Readers of the Indian Express were in for something of a surprise on Thursday morning. In the Mumbai edition, most of the available space on Page 1 – an advertisment for a film titled “Dongri Ka Raja” squatted upon the bottom half of the broadsheet – had been devoted to the thoughts of the chief guest of Indian Express’ Ramnath Goenka journalism awards.
The chief guest, Narendra Modi, is also of course Prime Minister of India, so it could be argued - even if tenuously - that his speech was the most important thing that happened in India on Wednesday.
The Indian Express recorded Modi’s thoughts faithfully. As you might have noticed, even as prime minister, Modi’s oratorical success relies on rousing the emotions of his immediate audience. The examples he uses and the allusions he makes are inevitably tailored to the occasion. Sometimes he seems blithely unaware that his words will be reported in every national newspaper, on the Web and broadcast television. Either this is naivety or deep political skill. I think the latter.
For instance, when he spoke at the BJP National Council meeting in Kerala, he proffered the classic – and classically offensive – Hindutva trope of “uplifting” the trodden down Muslims by “purifying” them. He must have known his words would be picked over by analysts and scholars. But he knew also that his job at that meeting was to energise the cadre, to invigorate those who have silently served so that he may rule. A reminder, via Deendayal Upadhyaya, of relative positions on the purity hierarchy—that can work wonders.
In much the same way, the meat of Wednesday night’s speech to the extended Express fraternity dealt with Ramnath Goenka and the Indian Express. There was none of the anger he sometimes directs at the media and journalists. He applauded Goenka’s attitude during the Emergency, fighting for democratic values when near everyone else was pliant, and sacrificing his close relationship with the Gandhi family in the process. Yet it was this reference to the Emergency that must have been most troublesome to regular readers of the Express.
You see, Modi’s speech was certainly not the most important thing that happened in India on Wednesday. That would be Delhi Police’s detainment of Modi’s two biggest political rivals, Arvind Kejriwal and Rahul Gandhi. In the evening, just to show us that he definitely didn't approve of the Emergency, an inter-ministerial committee of the Union Ministry of Information & Broadcasting announced that NDTV India would be taken off air for a day, because of its coverage following the Pathankot attacks.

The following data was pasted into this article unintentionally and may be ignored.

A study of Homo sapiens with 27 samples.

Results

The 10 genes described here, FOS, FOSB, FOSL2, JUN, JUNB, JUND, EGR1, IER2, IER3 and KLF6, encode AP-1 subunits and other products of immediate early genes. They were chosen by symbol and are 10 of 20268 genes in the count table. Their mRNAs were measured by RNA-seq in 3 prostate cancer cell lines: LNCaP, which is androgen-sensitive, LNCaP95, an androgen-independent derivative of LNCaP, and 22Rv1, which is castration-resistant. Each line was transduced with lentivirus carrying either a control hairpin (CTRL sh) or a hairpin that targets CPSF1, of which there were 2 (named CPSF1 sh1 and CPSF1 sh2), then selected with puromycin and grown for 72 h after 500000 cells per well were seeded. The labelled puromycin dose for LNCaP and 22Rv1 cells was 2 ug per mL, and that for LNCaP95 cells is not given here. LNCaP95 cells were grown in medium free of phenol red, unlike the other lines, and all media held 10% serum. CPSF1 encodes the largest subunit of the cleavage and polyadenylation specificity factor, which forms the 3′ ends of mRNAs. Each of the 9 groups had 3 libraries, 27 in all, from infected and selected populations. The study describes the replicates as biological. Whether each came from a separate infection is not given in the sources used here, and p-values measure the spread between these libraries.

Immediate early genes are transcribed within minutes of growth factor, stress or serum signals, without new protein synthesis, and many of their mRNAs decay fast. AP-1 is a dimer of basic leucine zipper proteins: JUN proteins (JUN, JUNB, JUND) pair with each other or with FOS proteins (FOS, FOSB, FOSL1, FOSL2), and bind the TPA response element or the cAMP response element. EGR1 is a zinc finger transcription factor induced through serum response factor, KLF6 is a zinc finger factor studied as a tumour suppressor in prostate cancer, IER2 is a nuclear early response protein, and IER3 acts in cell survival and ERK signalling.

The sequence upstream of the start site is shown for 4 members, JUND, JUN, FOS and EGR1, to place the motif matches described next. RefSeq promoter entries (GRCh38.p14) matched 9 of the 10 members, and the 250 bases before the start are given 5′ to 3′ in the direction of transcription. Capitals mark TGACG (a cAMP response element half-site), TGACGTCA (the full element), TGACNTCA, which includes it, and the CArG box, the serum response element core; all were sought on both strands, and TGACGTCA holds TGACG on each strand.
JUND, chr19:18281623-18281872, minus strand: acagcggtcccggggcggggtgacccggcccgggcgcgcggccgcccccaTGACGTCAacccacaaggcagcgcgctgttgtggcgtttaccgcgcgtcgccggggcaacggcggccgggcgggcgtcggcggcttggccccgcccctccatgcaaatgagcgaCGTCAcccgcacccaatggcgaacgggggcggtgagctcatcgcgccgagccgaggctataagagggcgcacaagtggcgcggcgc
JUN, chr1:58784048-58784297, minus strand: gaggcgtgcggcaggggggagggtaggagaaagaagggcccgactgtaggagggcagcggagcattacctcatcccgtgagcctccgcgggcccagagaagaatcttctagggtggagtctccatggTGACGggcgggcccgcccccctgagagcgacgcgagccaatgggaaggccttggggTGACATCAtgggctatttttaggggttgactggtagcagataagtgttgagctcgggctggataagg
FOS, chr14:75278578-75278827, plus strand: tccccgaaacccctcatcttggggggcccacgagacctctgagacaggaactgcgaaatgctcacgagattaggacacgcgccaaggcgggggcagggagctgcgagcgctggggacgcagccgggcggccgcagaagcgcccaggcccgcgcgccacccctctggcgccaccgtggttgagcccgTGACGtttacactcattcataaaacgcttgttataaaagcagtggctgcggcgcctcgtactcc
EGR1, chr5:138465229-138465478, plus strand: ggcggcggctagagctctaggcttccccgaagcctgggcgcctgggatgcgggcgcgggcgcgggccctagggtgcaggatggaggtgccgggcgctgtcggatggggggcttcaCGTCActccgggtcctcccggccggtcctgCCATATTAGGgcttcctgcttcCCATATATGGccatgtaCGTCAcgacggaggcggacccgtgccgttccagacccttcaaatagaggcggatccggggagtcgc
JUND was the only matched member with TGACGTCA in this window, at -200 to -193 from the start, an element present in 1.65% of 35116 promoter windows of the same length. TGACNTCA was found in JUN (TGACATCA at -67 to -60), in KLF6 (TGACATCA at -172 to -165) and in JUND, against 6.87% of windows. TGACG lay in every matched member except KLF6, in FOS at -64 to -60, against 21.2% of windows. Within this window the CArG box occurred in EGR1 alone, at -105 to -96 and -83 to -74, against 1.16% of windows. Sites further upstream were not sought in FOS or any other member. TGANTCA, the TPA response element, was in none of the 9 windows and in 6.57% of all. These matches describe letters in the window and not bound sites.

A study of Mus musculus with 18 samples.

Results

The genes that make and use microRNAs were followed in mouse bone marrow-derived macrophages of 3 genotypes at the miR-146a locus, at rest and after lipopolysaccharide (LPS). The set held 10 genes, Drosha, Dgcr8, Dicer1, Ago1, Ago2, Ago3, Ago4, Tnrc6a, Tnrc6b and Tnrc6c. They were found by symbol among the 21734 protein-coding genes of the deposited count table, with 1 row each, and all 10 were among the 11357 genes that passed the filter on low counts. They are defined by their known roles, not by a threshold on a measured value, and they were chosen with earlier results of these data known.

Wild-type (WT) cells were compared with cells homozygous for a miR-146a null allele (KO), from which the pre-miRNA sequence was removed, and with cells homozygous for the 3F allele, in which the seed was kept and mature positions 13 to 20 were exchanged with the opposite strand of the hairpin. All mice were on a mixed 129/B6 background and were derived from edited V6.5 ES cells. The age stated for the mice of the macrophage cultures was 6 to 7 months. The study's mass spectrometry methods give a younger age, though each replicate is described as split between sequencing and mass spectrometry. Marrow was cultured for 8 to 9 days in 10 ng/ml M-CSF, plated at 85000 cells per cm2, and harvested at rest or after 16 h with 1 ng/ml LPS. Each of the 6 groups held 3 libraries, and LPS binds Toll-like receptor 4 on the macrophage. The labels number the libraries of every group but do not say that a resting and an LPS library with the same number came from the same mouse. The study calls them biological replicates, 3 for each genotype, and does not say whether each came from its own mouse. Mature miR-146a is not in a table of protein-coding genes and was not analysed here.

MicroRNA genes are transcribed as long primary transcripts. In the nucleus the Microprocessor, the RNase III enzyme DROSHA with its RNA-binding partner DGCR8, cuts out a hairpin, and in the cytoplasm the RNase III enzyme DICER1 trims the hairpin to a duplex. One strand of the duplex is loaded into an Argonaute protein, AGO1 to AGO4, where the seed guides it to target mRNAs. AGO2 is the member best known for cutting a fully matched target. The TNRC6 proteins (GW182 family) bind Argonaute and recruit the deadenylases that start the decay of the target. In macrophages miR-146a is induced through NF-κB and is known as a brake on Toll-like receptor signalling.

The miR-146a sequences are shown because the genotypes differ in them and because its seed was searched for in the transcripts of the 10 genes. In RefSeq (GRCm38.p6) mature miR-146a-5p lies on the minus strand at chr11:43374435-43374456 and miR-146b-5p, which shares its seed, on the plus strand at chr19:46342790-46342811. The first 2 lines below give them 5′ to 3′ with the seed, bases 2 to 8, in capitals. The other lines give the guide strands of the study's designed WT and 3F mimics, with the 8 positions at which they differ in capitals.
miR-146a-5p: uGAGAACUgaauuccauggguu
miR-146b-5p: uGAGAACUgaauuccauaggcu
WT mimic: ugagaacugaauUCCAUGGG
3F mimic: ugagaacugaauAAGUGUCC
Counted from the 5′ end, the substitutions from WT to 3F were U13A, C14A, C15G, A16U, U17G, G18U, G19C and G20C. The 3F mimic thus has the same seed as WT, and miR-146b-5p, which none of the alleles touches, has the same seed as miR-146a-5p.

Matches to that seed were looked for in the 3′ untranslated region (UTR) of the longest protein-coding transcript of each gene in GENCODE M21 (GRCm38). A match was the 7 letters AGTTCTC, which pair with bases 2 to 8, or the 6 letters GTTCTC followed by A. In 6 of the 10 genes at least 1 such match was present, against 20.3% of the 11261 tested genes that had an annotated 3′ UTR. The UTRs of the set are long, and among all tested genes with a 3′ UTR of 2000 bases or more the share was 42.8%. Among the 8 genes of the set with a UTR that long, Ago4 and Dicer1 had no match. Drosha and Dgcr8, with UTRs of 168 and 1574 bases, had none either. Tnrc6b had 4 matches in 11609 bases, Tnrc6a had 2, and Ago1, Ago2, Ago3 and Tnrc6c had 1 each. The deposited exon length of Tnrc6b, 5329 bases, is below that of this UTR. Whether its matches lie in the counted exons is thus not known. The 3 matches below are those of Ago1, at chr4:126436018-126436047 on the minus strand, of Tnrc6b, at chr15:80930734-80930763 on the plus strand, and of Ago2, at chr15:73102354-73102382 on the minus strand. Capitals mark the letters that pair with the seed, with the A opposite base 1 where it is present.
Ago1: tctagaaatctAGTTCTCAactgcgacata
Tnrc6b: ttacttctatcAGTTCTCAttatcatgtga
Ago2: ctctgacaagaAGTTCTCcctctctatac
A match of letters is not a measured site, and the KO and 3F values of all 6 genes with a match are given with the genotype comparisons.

The sight of politicians entrapped by people in uniform is so unusual in India that through Wednesday, social media was rife with accusations that we had once again returned to the Emergency. Such exaggeration is typical to Twitter now. This time it was the standard bearers of the Congress and Aam Aadmi Party who were doing the truth-stretching. Yet, it was immediately apparent that the images of a forlorn Rahul Gandhi in the grips of Delhi Police would evoke sympathy where previously he had only inspired derision.
This is why it must have seemed to regular readers that both Modi and the Express had shot themselves in the foot yesterday. Modi by discussing the Emergency. Express by making the sitting prime minister chief guest at the nation’s best-regarded journalism awards. And then by accepting without interrogation his moralising comments, even as a grave overreach of power was perpetrated that very day.
In the two-and-some years of this government, no English-language newspaper has been as diligent as the Indian Express in identifying and exposing the missteps and malfeasances of the government and members of the Sangh Parivar. Even as every big media house has cosied up to power, Indian Express has been steadfast. On Wednesday, The Caravan reported that senior journalists at Express were very uncomfortable with having Modi as their guest.
In his vote of thanks, Express chief editor Raj Kamal Jha argued that Modi’s presence at the event signalled that those winning the awards that night were, in fact, the real journalists. He criticised the “selfie” journalists who have – physically or figuratively – clamoured around Narendra Modi since his appointment. If you run through the list of awardees, it’s clear he has a point. Each journalist had produced remarkable stories and deepened our understanding of this difficult time in India.
On Thursday morning, my favourite bit of Express’ page 1, apart from the advertisments for rajas from Dongri or otherwise, was the lead photograph in the newspaper. Two dozen or so of India’s finest journalists grouped around the Prime Minister.
Forget the rush and gush of selfie-taking. There was hardly a smile between them.